Jordan Spieth has claimed the Olympic tournament will be a fifth major in 2016 ©Getty Images

America’s Jordan Spieth has stated that he views the Rio 2016 golf competition as a “fifth major” as the sport prepares to make its first appearance at the Olympics since 1904.

Having won this year’s Masters and US Open major titles, the 22-year-old has moved to the top of the men’s world rankings which has put him firmly on course to be selected in the four-man American team for the Olympics.

Ahead of defending his Australian Open title, Spieth claimed the Rio 2016 Olympic tournament would be a target next year and that he would strive to compete in the 60-man event should he remain fit and have his selection confirmed.

"Winning a gold medal has got to be up there now in my mind with winning a major championship," Spieth told the Associated Press.

"I've been asked the question: a green jacket or a gold medal, or a Wanamaker Trophy or an Open Championship or a gold medal?

"That's not fair, I think this year we're going to approach it as a fifth major, and we're going to prepare like it is.

"I'm going to go down there and try and take care of business."

Spieth’s comments come a week after Australian golfer Adam Scott claimed he may not compete in the Olympic tournament at all, with the 2013 Masters champion criticising the format chosen by organisers.

The 35-year-old, who looks set to be part of the Australian team alongside Jason Day, expressed his view that a team competition should have been incorporated rather than just the traditional stroke-play format and stated it was not his priority.

Instead, he has claimed that he may use the time to take a rest from the busy golf season.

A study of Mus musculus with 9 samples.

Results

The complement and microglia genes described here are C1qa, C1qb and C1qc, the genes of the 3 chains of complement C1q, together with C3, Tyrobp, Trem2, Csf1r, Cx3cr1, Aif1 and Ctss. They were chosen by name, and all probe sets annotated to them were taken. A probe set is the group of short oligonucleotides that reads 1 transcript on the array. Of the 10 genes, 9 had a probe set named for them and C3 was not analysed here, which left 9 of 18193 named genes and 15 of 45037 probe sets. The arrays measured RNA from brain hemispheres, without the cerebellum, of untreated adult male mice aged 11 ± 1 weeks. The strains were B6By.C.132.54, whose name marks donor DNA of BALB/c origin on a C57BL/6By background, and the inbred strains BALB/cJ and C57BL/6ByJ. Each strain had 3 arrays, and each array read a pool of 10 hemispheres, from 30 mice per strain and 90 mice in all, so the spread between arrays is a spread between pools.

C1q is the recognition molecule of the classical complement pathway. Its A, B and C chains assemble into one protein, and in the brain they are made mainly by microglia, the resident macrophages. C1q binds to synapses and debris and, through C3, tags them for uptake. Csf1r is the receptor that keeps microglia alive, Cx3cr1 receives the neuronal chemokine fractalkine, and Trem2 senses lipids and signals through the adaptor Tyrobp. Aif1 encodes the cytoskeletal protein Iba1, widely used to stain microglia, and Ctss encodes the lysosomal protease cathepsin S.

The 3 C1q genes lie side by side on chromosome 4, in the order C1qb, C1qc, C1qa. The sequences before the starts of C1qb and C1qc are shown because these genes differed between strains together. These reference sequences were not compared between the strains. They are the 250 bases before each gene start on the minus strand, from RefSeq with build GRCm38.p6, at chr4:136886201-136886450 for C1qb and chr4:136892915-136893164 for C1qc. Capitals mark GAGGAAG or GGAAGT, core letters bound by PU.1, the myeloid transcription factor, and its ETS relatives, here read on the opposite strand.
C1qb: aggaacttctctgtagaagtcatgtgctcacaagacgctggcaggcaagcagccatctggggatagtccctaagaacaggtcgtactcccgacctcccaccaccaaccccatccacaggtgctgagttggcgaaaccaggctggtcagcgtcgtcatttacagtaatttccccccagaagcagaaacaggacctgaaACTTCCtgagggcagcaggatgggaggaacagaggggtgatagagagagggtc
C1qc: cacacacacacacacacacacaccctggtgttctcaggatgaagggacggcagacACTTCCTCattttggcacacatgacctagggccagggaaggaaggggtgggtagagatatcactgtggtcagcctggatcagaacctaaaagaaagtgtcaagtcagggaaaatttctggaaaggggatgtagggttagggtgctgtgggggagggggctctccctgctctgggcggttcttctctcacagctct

Australia's Adam Scott had hinted he might opt out of competing at Rio 2016 last week after criticising the competition format
Australia's Adam Scott had hinted he might opt out of competing at Rio 2016 last week after criticising the competition format ©Getty Images

Scott also labelled golf as just an “exhibition” sport at the Games and claimed he had never aspired to win an Olympic medal, but fellow golfers such as 14-times major winner Tiger Woods and Ireland’s Padraig Harrington have welcomed the sport’s return to the programme.

Spieth though did share Scott’s view that golf, which was re-added to the Olympic Programme at the 2009 International Olympic Committee (IOC) Session in Copenhagen along with rugby sevens, would have benefited from a team competition at Rio 2016.

Golf’s appearance in the Brazilian city has caused controversy locally with an IOC Executive Board meeting in February interrupted by environmental protesters who branded President Thomas Bach a “nature killer” for the construction of the course.

Earlier this year, there was also concern that the grass on the course at Reserva de Marapendi in Barra da Tijuca would not grow in time for the test event, scheduled to take place from November 26 to 29.

The course was officially unveiled at a ceremony on Monday.